NASA Mars rover finds strong evidence of water
NASAs Opportunity Mars rover, which landed on the red planet nearly eight years ago, has discovered a mineral vein that was almost certainly deposited by water billions of years ago.
The Opportunity rover, which landed on Mars nearly eight years ago, has discovered a thin, bright mineral vein along the rim of a huge crater called Endeavour. This mineral is almost certainly gypsum that was deposited by liquid water billions of years ago, researchers said.
"This is the single most powerful piece of evidence for liquid water at Mars that has been discovered by the Opportunity rover," Steve Squyres of Cornell University, Opportunity's principal investigator, told reporters here today during the 2011 winter meeting of the American Geophysical Union.
Exploring Endeavour Crater
The golf-cart-size Opportunity and its twin, Spirit, landed on Mars in January 2004 to search for signs of past water activity on the Red Planet. [Mars Photos by Spirit and Opportunity]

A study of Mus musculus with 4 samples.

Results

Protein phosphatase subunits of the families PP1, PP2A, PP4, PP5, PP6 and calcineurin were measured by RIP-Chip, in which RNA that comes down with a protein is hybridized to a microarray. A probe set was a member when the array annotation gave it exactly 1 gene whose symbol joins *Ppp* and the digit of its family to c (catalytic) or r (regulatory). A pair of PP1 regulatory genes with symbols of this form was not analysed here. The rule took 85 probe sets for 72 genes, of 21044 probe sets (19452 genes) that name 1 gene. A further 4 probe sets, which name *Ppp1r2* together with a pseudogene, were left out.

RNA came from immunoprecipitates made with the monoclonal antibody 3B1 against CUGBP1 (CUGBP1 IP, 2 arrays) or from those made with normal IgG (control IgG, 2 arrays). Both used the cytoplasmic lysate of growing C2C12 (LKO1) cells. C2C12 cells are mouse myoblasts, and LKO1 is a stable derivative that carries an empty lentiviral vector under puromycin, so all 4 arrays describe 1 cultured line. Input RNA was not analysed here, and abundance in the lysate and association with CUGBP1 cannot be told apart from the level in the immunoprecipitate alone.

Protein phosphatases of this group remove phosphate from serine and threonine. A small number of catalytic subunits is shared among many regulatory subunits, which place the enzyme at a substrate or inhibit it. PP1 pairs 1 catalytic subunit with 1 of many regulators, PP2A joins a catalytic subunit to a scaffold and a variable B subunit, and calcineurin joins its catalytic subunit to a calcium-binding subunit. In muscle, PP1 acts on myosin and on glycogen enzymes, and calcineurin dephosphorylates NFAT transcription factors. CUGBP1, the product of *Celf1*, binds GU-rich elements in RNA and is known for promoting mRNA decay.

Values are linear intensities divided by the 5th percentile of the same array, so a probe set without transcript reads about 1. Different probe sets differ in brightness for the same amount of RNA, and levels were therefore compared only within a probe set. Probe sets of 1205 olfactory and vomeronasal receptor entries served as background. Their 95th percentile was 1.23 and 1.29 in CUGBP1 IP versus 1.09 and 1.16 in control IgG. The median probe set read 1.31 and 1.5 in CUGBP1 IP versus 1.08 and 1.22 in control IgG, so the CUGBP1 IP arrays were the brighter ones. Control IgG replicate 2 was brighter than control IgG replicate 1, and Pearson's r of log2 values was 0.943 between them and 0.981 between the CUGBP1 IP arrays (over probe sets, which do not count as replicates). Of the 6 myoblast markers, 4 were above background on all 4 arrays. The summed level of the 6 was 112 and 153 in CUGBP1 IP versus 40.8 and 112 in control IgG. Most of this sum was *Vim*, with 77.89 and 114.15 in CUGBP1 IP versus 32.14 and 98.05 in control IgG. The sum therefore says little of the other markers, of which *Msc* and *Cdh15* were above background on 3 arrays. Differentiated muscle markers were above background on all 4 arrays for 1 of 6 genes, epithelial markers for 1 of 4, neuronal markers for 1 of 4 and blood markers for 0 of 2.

The two rovers' prime missions were slated to last just three months, but both far outlived their warranties. NASA declared Spirit dead just this year, and Opportunity is still going strong.
After a three-year trek, Opportunity reached the 14-mile-wide (22-kilometer) Endeavour Crater this past August. While poking around Endeavour's rim recently, it found the mineral vein, which is about 20 inches (51 centimeters) long and about the width of a human thumb.
After analyzing the vein with Opportunity's cameras and X-ray spectrometer last month, researchers concluded that it is gypsum, a hydrated calcium sulfate that on Earth is used to make drywall and plaster of Paris. The vein likely formed right where Opportunity found it, researchers said.
"There was a fracture in the rock, water flowed through it, gypsum was precipitated from the water. End of story," Squyres said. "There's no ambiguity about this, and this is what makes it so cool."
Both Spirit and Opportunity have found other good evidence of water activity on ancient Mars, including signs of hydrothermal systems. But the new discovery at Endeavour Crater is particularly convincing and compelling, researchers said.